Unprofitable hospital services suffer when money is tight
Coming out of a recession (and perhaps entering another), here's a timely new paper that suggests hospitals that face financial threats will scale back unprofitable services.
The study, a working paper for the National Bureau of Economic Research, did not directly consider how an economic downturn would affect access to psychiatry, substance abuse or trauma care.
But the research did suggest that hospitals (sub. req.) cross-subsidize unprofitable services and when confronted with the threat of lost revenue or an actual drop in business, they divert resources from money-losing operations.
Using data from Arizona, where new specialty heart hospitals threatened to grab market share from established acute-care hospitals, researchers looked for changes to the volume of unprofitable behavioral health and trauma care and the more lucrative neurology.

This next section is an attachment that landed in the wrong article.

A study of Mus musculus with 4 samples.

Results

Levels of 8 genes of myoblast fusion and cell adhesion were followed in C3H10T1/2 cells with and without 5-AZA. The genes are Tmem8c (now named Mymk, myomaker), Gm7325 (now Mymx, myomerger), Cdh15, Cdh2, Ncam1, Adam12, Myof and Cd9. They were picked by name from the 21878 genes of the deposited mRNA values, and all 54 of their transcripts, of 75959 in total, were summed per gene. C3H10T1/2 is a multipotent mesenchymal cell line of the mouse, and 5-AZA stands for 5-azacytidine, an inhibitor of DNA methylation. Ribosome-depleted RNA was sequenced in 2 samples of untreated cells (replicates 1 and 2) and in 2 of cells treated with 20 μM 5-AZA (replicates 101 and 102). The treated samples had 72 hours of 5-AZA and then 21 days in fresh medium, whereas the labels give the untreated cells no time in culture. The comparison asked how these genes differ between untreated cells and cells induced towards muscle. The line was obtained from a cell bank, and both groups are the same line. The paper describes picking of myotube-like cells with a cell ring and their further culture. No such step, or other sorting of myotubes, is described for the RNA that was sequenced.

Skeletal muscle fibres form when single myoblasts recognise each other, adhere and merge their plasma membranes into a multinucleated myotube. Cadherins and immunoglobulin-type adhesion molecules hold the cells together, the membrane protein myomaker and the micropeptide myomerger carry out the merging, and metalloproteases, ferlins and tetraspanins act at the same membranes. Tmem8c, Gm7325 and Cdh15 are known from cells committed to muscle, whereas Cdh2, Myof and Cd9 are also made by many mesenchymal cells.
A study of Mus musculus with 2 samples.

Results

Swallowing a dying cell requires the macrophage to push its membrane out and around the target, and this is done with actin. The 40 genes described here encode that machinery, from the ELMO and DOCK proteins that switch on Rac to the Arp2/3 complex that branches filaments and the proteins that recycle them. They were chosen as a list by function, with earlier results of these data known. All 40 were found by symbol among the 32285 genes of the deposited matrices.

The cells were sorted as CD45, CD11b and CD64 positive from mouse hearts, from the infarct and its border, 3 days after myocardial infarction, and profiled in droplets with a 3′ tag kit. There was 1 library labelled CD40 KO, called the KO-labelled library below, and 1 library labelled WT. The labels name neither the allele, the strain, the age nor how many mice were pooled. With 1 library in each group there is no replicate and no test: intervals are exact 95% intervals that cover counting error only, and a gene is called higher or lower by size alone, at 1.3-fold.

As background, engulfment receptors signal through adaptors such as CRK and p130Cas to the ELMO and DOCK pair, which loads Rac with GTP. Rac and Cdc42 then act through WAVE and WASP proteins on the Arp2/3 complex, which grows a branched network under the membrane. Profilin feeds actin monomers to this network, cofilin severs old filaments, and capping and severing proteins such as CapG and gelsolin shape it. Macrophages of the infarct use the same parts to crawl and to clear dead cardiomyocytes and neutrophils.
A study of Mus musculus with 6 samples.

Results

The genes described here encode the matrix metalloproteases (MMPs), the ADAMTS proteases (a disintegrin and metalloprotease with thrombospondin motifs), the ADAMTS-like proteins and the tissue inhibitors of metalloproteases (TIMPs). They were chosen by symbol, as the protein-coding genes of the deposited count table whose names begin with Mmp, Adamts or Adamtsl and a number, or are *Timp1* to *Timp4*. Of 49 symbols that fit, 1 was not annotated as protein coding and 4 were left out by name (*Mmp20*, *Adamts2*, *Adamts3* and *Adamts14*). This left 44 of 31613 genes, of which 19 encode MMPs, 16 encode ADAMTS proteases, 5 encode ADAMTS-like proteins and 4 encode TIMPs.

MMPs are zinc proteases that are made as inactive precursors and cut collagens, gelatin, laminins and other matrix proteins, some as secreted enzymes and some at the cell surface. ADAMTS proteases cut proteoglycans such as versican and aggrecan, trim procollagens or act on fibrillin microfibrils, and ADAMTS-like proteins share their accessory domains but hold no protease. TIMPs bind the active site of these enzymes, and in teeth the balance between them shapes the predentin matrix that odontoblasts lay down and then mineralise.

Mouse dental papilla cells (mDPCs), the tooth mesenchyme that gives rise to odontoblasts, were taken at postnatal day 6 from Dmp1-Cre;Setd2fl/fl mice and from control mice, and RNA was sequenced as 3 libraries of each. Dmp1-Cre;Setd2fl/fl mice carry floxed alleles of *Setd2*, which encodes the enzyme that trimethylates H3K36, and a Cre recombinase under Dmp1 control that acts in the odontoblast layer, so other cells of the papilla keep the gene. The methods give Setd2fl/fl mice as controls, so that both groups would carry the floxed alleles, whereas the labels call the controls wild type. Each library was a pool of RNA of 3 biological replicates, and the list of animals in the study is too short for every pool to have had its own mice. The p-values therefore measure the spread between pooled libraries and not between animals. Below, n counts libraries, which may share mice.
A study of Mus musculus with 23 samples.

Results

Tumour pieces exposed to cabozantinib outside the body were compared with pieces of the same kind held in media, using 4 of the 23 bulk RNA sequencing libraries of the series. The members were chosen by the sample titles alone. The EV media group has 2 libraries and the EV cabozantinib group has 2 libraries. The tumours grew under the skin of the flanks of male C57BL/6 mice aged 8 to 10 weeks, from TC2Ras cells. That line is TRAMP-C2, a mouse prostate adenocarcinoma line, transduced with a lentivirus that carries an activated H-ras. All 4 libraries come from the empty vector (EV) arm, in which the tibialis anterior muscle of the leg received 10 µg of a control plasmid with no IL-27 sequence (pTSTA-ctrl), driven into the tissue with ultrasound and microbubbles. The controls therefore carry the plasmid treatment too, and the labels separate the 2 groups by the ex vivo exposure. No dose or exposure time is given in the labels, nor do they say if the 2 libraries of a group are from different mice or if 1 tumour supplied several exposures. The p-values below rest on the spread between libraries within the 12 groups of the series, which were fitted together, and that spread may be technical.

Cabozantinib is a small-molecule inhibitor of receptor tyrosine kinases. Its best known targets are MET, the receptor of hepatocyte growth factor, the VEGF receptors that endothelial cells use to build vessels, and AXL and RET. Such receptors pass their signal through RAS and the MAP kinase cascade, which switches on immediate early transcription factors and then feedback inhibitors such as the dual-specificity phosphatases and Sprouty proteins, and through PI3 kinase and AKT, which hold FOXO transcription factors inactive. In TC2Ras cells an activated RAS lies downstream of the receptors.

Economists Guy David and Lawton Burns of the University of Pennsylvania; Richard Lindrooth, an economist at the University of Colorado; and Lorens Helmchen, an economist at George Mason University, conducted the study.
Hospitals most vulnerable to lost market share from start-up specialty hospitals (often for-profit and physician-owned ventures) saw the biggest decline in services considered unprofitable, the economists wrote.
The study analyzed hospital and cardiac specialty hospital discharges in Phoenix and Tucson between 1997-98 and 2005-07. For comparison, researchers also looked at discharges during the same period for Colorado hospitals in Boulder, Colorado Springs and Denver.
There is ample evidence that many hospitals moved to protect operating margins through the recession and weak recovery. They have done so, even as revenue growth slowed or stalled, with budget cuts that squeezed hospital spending on supplies, labor and services, according to financial records and published reports.
But how significantly those cuts affected services is unclear. And should the nation enter a second recession, hospitals may turn to further services cuts. Meanwhile, plans for Congress to extract $1.4 trillion from the nation's deficit could include cut payments from one of hospitals' largest customers.